There are some evenings at Anfield when a footballer is granted a standing ovation, and others when only gasps of approval are sufficient. Luis Suarez's performance on Wednesday ought to have seen him carried off the pitch in a Sedan chair. That was just at half-time.
The Uruguayan scored four in the 5-1 win against Norwich City with a display that, even by his own imperious recent standards, underlined his status as a peer of the world greats. No Liverpool player had recorded three hat-tricks against the same team, likewise no one in the Premier League, but Norwich found themselves on the wrong side of that landmark. This quadruple also took Suarez's personal tally to 13 in his last eight games since his return from suspension.
Mere statistics underplay the quality of the strikes, however, at least two of which were goal-of-the-season contenders. The other two, including a trademark 25-yard free-kick, seemed merely routine in their magnificence. Suarez must harbour a deep grudge against the Norfolk side. Perhaps he once choked on a Delia Smith mince pie, but even Chris Hughton could not have anticipated the brutality of the Uruguayan.
There are instances in a football stadium where there is a momentary silence, as if 40,000 spectators are pausing to ask themselves 'did that just happen?' So it was when Suarez let rip from just inside the Norwich half on 15 minutes, John Ruddy waving at thin air while the Kop inhaled at the sheer audacity of the attempt.
Suarez scored from a similar distance at Carrow Road a couple of years ago. When there were calls for his deportation after his numerous indiscretions, Ruddy must have been the one leading the shouts. The stadium was still humming when Suarez volleyed his second 14 minutes later, a more conventional strike for him, from six yards after Steven Gerrard flicked on Philippe Coutinho's corner. His third was the equal of the first as he controlled, chipped the ball over Leroy Fer on the edge of the box and then volleyed for the 34-minute hat-trick. It is safe to say whatever flirtation Suarez was guilty of last summer, in that moment all was forgiven. This stadium has seen its fair share of memorable individual performances, but this will stand alongside side them all. It cannot be ignored that he appears to be on a higher plain to most of his team-mates.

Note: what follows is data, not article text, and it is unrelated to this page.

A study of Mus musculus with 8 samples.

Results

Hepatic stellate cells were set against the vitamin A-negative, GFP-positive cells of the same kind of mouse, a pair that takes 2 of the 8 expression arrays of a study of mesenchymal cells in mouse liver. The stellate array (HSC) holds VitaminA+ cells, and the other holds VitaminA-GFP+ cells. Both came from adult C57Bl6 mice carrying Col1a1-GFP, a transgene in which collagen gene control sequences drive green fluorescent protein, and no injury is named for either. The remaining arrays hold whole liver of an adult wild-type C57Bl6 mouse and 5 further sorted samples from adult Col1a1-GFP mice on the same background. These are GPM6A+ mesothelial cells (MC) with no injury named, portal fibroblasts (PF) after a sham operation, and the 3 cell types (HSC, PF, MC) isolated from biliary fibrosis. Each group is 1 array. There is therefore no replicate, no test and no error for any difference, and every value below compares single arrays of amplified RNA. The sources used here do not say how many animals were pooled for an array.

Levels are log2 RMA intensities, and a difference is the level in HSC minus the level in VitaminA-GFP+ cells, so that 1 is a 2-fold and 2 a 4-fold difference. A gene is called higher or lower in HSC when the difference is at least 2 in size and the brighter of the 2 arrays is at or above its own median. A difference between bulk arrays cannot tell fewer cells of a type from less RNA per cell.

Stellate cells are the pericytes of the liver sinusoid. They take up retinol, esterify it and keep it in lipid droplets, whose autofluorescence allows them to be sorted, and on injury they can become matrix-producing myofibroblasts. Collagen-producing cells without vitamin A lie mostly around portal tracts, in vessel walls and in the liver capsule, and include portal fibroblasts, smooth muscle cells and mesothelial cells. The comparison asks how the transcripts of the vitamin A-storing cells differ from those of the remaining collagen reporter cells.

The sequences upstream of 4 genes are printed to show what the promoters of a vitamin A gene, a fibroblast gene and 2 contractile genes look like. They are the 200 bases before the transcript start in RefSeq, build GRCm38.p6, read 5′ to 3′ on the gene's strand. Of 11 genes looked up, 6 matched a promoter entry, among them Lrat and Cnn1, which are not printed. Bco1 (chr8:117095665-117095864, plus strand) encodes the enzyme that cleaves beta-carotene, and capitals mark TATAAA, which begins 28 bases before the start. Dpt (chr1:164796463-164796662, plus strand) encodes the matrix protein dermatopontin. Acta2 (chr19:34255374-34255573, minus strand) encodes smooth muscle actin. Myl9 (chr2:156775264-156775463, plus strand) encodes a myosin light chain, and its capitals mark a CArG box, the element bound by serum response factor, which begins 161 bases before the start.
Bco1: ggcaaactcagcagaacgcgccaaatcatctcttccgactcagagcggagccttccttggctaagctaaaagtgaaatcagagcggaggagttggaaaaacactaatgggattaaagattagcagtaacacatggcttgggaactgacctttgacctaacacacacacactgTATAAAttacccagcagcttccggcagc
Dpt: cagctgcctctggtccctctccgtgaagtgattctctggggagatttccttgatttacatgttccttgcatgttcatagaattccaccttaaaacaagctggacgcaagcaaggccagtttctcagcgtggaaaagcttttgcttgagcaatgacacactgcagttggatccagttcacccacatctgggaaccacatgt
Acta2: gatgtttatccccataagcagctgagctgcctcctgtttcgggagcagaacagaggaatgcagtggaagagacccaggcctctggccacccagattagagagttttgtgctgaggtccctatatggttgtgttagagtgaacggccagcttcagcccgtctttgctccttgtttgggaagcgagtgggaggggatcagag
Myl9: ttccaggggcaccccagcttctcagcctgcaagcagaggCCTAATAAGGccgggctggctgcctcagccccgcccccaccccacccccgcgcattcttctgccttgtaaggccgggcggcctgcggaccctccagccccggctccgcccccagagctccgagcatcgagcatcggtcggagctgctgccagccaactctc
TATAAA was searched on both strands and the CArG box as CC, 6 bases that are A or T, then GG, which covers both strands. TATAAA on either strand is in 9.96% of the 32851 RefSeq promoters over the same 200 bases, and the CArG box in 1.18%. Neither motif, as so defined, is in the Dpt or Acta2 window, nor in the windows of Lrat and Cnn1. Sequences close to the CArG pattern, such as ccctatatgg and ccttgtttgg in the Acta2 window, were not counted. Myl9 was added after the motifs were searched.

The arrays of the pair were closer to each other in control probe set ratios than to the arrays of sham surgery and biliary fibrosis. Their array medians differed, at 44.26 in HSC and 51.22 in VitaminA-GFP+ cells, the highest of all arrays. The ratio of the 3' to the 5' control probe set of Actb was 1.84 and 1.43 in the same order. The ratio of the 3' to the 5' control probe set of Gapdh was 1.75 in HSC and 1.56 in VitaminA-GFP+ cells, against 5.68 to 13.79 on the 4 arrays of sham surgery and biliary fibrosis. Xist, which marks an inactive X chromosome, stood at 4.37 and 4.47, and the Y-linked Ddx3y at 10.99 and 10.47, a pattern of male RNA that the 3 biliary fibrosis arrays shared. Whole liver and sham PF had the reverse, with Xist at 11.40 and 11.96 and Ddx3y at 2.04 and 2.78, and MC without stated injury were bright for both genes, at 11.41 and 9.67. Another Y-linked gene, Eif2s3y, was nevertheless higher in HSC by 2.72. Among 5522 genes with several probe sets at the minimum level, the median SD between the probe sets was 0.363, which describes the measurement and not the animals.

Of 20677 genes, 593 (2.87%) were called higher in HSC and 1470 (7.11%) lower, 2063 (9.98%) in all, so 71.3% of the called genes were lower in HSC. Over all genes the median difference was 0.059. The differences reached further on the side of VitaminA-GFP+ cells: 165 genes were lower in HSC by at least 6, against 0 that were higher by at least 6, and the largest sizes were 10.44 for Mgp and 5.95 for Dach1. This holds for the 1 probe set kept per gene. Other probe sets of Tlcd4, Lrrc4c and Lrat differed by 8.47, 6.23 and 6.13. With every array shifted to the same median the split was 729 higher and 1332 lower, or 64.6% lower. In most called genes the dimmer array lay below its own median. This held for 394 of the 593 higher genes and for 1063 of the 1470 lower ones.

That is not a criticism of them (not all of them, in any case), because he is different class to every visitor to Anfield, too. Some mocked at claims he may become the best Liverpool player there has been - or would be if remained at the club - but the evidence is mounting. If Liverpool do fail to reach the top four and he has to leave, this extra season must have secured him an earnest send-off because he can do no more to reclaim this club's Champions League status.
Liverpool were actually toiling a little before his first, a couple of snapshots from Jordan Henderson their earliest threat, but the momentum shifted entirely with the striker's intervention. They may be having problems on the road, but the flat-track bullying at Anfield has been mightily impressive, recent fixtures seeming to be over at half-time. Now in a comfort zone and banishing the horrors of Hull, Gerrard's header was cleared off the line by Ryan Bennett on 52 minutes, and Raheem Sterling ought to have played in Suarez for a fourth on 56 minutes. Norwich were in damage-limitation mode, but Suarez would not be denied, a trademark free-kick from 25 yards sending the crowd into more raptures, before Bradley Johnson headed an 83rd-minute consolation and Sterling hit No5 on 88 minutes.
The Kop bowed in appreciation of Suarez as he went off in injury time. Liverpool (4-2-3-1): Mignolet; Johnson, Agger, Skrtel, Flanagan; Allen, Gerrard; Henderson (Alberto 69), Sterling, Coutinho; Suarez. Subs Jones, Toure, Aspas, Moses, Sakho, Lucas. Booked Allen, Gerrard, Flanagan. Norwich (4-5-1): Ruddy; Martin, Bennett, Bassong, Olsson; Hoolahan (Murphy 62), Johnson, Fer (Whittaker 72), Howson, Redmond; Elmander (Hooper 69). Subs Turner, Garrido, Becchio, Nash. Booked Johnson. Referee A Taylor (Manchester).